Taxonomy [top]

Kingdom Phylum Class Order Family
Animalia Chordata Aves Psittaciformes Psittacidae

Scientific Name: Prioniturus montanus
Species Authority: Ogilvie-Grant, 1895
Common Name(s):
English Montane Racquet-tail, Montane Racket-tail, Montane Racquet-tail
Spanish Lorito-momoto Montano
Taxonomic Source(s): del Hoyo, J., Collar, N.J., Christie, D.A., Elliott, A. and Fishpool, L.D.C. 2014. HBW and BirdLife International Illustrated Checklist of the Birds of the World. Lynx Edicions BirdLife International.

Assessment Information [top]

Red List Category & Criteria: Near Threatened ver 3.1
Year Published: 2012
Date Assessed: 2012-05-01
Assessor(s): BirdLife International
Reviewer(s): Butchart, S. & Symes, A.
Facilitator/Compiler(s): Benstead, P., Bird, J., Taylor, J.
This species is listed as Near Threatened because it has a small range, within which its small population is threatened by habitat conversion at lower elevations but is not yet considered to be severely fragmented or restricted to a few locations, and little is currently known about the population size and structure of, and threats to, this species. Further information will improve the accuracy of this assessment.

Previously published Red List assessments:
2008 Near Threatened (NT)
2004 Near Threatened (NT)
2000 Lower Risk/near threatened (LR/nt)
1996 Vulnerable (VU)
1994 Vulnerable (VU)
1988 Lower Risk/least concern (LR/lc)

Geographic Range [top]

Range Description: Prioniturus montanus is endemic to Luzon, Philippines, where it is almost entirely confined to montane forest regions (above c.700 m) in the Cordillera Central and the Sierra Madre, with records including Mt Sicapo-o at Mt Simminublak, Liwan, Kenema, Mountain province, Sablan, Mountain province, Massisiat, Abra, Mt Data, Mt Pulog, Mt Polis, Mt Puguis, Paoay, Irisan, Benguet, Imugan, Nueva Vizcaya, and three sites - Dipalayag, Los Dos Cuernos and Mt Cetaceo - in the Sierra Madre, plus Pangil, Laguna (Collar et al. 1999). The fact that it escaped detection in the Sierra Madre until 1991 is evidence that it lives in relatively inaccessible areas and its numbers, which were estimated in 1993 to be fewer than 10,000 individuals (Lambert et al. 1993), may therefore be quite stable.

Countries occurrence:
Continuing decline in area of occupancy (AOO): Unknown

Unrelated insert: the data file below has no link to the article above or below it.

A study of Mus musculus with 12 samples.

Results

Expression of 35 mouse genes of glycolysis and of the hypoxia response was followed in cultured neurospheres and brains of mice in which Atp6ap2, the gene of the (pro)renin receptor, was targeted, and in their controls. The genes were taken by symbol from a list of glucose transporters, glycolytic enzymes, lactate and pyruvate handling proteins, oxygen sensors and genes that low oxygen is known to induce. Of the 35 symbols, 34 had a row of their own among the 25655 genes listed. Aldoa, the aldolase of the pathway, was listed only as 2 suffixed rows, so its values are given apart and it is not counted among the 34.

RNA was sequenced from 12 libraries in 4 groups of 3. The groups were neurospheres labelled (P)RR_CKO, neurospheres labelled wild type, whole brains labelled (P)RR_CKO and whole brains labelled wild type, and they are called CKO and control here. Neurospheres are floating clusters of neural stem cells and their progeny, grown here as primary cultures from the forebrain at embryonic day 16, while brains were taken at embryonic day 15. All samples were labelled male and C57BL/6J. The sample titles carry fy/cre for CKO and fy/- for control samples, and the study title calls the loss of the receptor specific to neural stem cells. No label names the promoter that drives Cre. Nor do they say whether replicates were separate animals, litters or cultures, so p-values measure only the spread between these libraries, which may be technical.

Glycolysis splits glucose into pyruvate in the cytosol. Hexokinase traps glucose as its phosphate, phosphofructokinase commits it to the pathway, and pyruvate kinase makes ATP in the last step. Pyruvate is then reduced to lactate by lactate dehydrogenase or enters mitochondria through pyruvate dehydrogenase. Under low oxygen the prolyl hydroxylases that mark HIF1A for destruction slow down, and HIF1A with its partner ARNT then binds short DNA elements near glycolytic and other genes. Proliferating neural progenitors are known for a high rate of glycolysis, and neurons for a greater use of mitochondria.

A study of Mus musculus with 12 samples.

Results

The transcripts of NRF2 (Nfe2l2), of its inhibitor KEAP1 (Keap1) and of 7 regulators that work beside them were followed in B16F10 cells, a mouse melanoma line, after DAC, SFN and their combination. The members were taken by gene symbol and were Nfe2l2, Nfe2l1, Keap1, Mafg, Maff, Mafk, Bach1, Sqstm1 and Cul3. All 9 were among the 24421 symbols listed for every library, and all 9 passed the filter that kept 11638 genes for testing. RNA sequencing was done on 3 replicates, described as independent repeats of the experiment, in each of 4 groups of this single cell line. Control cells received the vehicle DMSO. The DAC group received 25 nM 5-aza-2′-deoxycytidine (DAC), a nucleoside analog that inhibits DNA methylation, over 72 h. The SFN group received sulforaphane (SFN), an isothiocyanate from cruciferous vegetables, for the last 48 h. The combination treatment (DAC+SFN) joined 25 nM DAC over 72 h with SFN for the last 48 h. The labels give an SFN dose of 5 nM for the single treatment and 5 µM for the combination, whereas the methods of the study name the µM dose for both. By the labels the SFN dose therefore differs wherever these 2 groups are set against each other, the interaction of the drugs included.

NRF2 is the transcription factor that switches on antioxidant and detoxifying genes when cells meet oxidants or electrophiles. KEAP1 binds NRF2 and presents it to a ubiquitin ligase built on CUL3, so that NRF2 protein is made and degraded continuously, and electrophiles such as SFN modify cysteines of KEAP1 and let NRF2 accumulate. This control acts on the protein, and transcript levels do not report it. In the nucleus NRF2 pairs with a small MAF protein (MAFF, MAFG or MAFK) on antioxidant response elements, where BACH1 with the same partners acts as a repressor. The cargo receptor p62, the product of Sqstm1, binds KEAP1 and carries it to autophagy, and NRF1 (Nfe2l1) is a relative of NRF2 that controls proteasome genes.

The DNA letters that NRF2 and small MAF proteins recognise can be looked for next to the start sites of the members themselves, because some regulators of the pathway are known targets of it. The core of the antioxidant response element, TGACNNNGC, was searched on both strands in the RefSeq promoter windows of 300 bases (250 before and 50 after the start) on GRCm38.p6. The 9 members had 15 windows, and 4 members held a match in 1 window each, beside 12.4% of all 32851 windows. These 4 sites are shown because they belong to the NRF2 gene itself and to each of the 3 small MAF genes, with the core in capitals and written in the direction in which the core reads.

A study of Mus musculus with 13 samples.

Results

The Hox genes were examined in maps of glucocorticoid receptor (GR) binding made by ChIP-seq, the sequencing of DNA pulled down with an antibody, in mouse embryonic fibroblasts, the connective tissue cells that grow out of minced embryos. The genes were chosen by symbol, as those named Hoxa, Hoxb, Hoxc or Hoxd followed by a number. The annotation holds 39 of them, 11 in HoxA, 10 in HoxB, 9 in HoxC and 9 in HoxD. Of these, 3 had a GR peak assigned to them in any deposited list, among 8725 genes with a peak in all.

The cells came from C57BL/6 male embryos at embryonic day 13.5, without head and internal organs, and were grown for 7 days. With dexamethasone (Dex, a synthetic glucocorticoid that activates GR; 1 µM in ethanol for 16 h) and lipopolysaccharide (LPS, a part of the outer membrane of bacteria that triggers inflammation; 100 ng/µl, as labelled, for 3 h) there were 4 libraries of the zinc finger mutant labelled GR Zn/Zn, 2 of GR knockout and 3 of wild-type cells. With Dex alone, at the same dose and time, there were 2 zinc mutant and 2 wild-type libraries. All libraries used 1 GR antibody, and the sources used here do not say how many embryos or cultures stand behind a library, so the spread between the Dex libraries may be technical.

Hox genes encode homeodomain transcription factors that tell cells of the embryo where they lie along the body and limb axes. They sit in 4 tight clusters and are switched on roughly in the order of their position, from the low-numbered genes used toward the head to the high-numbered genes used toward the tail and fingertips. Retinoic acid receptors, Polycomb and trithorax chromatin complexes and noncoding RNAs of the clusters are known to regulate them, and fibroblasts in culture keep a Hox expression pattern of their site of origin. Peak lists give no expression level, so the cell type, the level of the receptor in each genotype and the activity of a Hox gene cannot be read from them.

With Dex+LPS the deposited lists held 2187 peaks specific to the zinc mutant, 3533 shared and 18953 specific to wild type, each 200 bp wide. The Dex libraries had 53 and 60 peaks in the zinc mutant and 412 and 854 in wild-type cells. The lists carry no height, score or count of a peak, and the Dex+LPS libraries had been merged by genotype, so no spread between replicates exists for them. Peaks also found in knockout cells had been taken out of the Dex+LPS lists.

Extreme fluctuations in area of occupancy (AOO): No
Estimated extent of occurrence (EOO) - km2: 10400
Continuing decline in extent of occurrence (EOO): Unknown
Extreme fluctuations in extent of occurrence (EOO): No
Continuing decline in number of locations: Unknown
Extreme fluctuations in the number of locations: No
Lower elevation limit (metres): 700
Range Map: Click here to open the map viewer and explore range.

Population [top]

Population: Lambert et al. (1993) estimated a maximum of 10,000 individuals, and so the population size is placed in the band 2,500-9,999 individuals here. This equates to 1,667-6,666 mature individuals, rounded here to 1,500-7,000 mature individuals.

Trend Justification:  The population is suspected to be in decline owing to habitat destruction, hunting and trapping for the cagebird trade.
Current Population Trend: Decreasing
Additional data:
Number of mature individuals: 1500-7000 Continuing decline of mature individuals: Unknown
Extreme fluctuations: No Population severely fragmented: No
Continuing decline in subpopulations: Unknown
Extreme fluctuations in subpopulations: No All individuals in one subpopulation: No

Habitat and Ecology [top]

Habitat and Ecology: Little is known of its ecological requirements: it occurs in humid montane forest from 850 m to 2,900 m. It feeds on seeds, berries and nuts. Breeding occurs in August to September.

Systems: Terrestrial
Continuing decline in area, extent and/or quality of habitat: Yes
Generation Length (years): 5.4
Movement patterns: Not a Migrant

Threats [top]

Major Threat(s): There is a need for vigilance concerning habitat destruction, hunting and trapping for the cagebird trade, all of which may represent threats to the species.

Conservation Actions [top]

Conservation Actions: Conservation Actions Underway
CITES Appendix II.

Conservation Actions Proposed
Calculate rates of forest loss within its altitudinal range on Luzon. Estimate the remaining area of suitable habitat and, using surveys, produce a density estimate to allow its global population size to be estimated. Effectively protect significant areas of suitable forest at key sites, in both strictly protected areas and community led multiple use areas.

Citation: BirdLife International. 2012. Prioniturus montanus. The IUCN Red List of Threatened Species 2012: e.T22684954A37950175. . Downloaded on 07 October 2015.